Most people instinctively make every effort to keep their teeth clean, shiny and healthy. They use the best electric toothbrush money can buy, they chew gum throughout the day, and they avoid staining or acidic foods where possible.
But when it comes to gum health, the same rarely applies. The buck stops with clean and healthy teeth – gum health often being an afterthought.
Sadly, oral health really does begin and end with healthy gums. Without strong and healthy gums to support your teeth, it’s game over. Precisely why gum health should be shown the same priority as the health of your teeth, along with the rest of your mouth.
With this in mind, what follows is a brief FAQ covering a selection of important issues on gum health and hygiene. All in the name of keeping that shiny-bright smile happy and healthy for life!
Q. Why Do My Gums Feel Slimy in a Morning?
First up, that weird slimy-feeling coating that covers your gums, your teeth and the insides of your cheeks each morning is actually perfectly normal. Known as biofilm, it’s a thin layer of beneficial bacteria that plays an important role in keeping your mouth healthy.
There’s nothing you can do to get rid of this biofilm permanently, and nor should you attempt to do so. Brushing, flossing and using the best dentist recommended mouthwashwill remove it temporarily, after which it will manifest once again. But if you fail to regularly remove this biofilm as part of your oral hygiene regime, it quickly becomes a breeding ground for bad bacteria.
Left to its own devices, biofilm can build and develop into dental plaque and tartar. Both of which pose a huge threat to your gums and can increase the risk of gum disease.
Q. Are Bleeding Gums Ever Normal?
The fact that most adults will on occasion see traces of blood on their toothbrush after cleaning their teeth means the whole thing is assumed to be normal. It’s so commonplace that it happens to most people from time to time, therefore cannot be a big deal…right?
Wrong – bleeding gums without exception are a sign that something isn’t as it should be.
Gum disease – aka gingivitis – is also something most adults will experience at some point during their life. Bleeding gums are one of the earliest indicators of gum disease, which if addressed early can be treated with relative ease.
This is why traces of blood in the sink or on your toothbrush should never be ignored. It’s unlikely the blood on your brush indicates anything serious, but is nonetheless an urgent prompt to halt gum disease in its tracks.
If in doubt, consult with your dentist for the recommended products to get your gums back in order.
Q. Are Receding Gums a Big Deal?
The short answer is yes, they are. By the time an issue with receding gums becomes noticeable, you’re already reaching the middle stages of gum disease. Which means the condition has already taken a major toll on the health and integrity of your gums.
When gums recede, they expose the lower part of the tooth that is normally protected. This leads to an elevated risk of harmful bacteria causing a major threat to these more sensitive areas of the mouth. Loss of dentin, infections, decay and tooth loss may quickly follow, unless the issue is treated as a matter of urgency.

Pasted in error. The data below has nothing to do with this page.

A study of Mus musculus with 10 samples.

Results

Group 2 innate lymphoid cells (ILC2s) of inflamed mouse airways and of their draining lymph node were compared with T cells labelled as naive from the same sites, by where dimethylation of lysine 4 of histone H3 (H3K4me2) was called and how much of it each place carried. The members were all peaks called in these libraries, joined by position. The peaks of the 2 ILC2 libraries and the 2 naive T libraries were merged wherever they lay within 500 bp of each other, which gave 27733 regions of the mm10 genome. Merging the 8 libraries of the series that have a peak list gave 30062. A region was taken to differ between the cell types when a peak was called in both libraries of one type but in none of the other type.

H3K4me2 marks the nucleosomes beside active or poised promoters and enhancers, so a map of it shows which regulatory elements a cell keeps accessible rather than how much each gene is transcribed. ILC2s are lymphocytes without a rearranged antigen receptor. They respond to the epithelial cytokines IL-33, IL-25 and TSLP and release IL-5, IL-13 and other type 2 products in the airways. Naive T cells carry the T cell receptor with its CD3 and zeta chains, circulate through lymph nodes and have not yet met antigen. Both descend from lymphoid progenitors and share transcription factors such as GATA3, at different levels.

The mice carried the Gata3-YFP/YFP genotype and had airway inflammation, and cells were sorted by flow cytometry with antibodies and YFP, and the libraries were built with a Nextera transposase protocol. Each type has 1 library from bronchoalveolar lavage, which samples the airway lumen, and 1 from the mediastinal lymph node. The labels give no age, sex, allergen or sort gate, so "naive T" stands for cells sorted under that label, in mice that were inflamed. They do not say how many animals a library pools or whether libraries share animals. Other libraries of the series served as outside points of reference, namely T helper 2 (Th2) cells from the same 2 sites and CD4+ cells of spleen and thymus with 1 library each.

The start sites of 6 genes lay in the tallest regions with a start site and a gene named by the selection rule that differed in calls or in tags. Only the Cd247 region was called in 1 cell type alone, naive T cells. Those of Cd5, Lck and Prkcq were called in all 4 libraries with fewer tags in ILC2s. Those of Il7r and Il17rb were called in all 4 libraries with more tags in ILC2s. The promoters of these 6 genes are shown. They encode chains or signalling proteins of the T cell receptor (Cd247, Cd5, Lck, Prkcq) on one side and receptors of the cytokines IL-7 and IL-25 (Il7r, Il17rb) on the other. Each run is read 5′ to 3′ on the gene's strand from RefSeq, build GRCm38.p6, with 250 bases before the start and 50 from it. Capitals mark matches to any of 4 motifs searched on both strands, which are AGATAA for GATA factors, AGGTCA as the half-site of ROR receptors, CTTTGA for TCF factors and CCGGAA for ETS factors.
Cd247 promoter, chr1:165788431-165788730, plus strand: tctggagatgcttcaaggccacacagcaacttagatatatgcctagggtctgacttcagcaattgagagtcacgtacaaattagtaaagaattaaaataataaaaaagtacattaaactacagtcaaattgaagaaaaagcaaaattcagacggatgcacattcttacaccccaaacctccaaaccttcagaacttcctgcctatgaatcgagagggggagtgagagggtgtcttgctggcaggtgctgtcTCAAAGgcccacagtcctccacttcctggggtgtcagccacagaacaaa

There’s much that can be done to halt receding gums in their tracks, and to compensate for the damage already done. Don’t wait – speak to your dentist as soon as you detect any potential gum health issue.
Q. Is Mouthwash Useful in Maintaining Healthy Gums?
Mouthwash is not just useful in maintaining healthy gums, it’s absolutely essential. This is due to the fact that irrespective of how meticulously you brush your teeth, you don’t brush your gums in the same way. And nor would you be expected to, as doing so could cause more harm than good.
This is where mouthwash comes into play, killing bacteria and eliminating sticky plaque film in places missed when brushing. The highest quality mouthwash products on the market are designed to provide 24 hour protection from potentially harmful bacteria, when used twice daily.
Specialist mouthwash products can also play an essential role in halting and reversing the early symptoms of gum disease.
Q. Does Bad Breath Indicate Gum Disease?
Possibly, though there are countless other issues that may be causing the problem. When bacteria collects excessively in the mouth and causes gingivitis, one of the most noticeable symptoms is bad breath. But this does not necessarily mean that bad breath alone indicates gum disease.
Other issues such as dry mouth, sinus congestion and various gastrointestinal problems can also lead to bad breath. If stepping up your everyday oral hygiene regime doesn’t turn things around, speak to your doctor or dentist. The key to bringing bad breath under control lies in first finding out what’s causing it.
Q. Can Flossing Do More Harm Than Good?
Last up, this is a myth cooked up by those purely looking for an excuse not to floss. Or perhaps, those who confuse the early signs of gum disease for something else.
It’s assumed by many that the somewhat abrasive nature of flossing poses a risk to gum health. In reality, this simply isn’t the case at all. For one thing, flossing should never be performed in a way that is aggressive or abrasive. Secondly, to skip flossing is to allow bacteria and debris between the teeth to compromise the health of your entire mouth.
Lastly, anyone concerned about the ‘abrasive’ nature of conventional floss could always switch to a super-gentle yet effective water flosser. And again, traces of blood visible during or after flossing are rarely attributed to the flossing process itself. They’re almost certainly an indicator of the early stages of gum disease, and should be addressed as promptly as possible.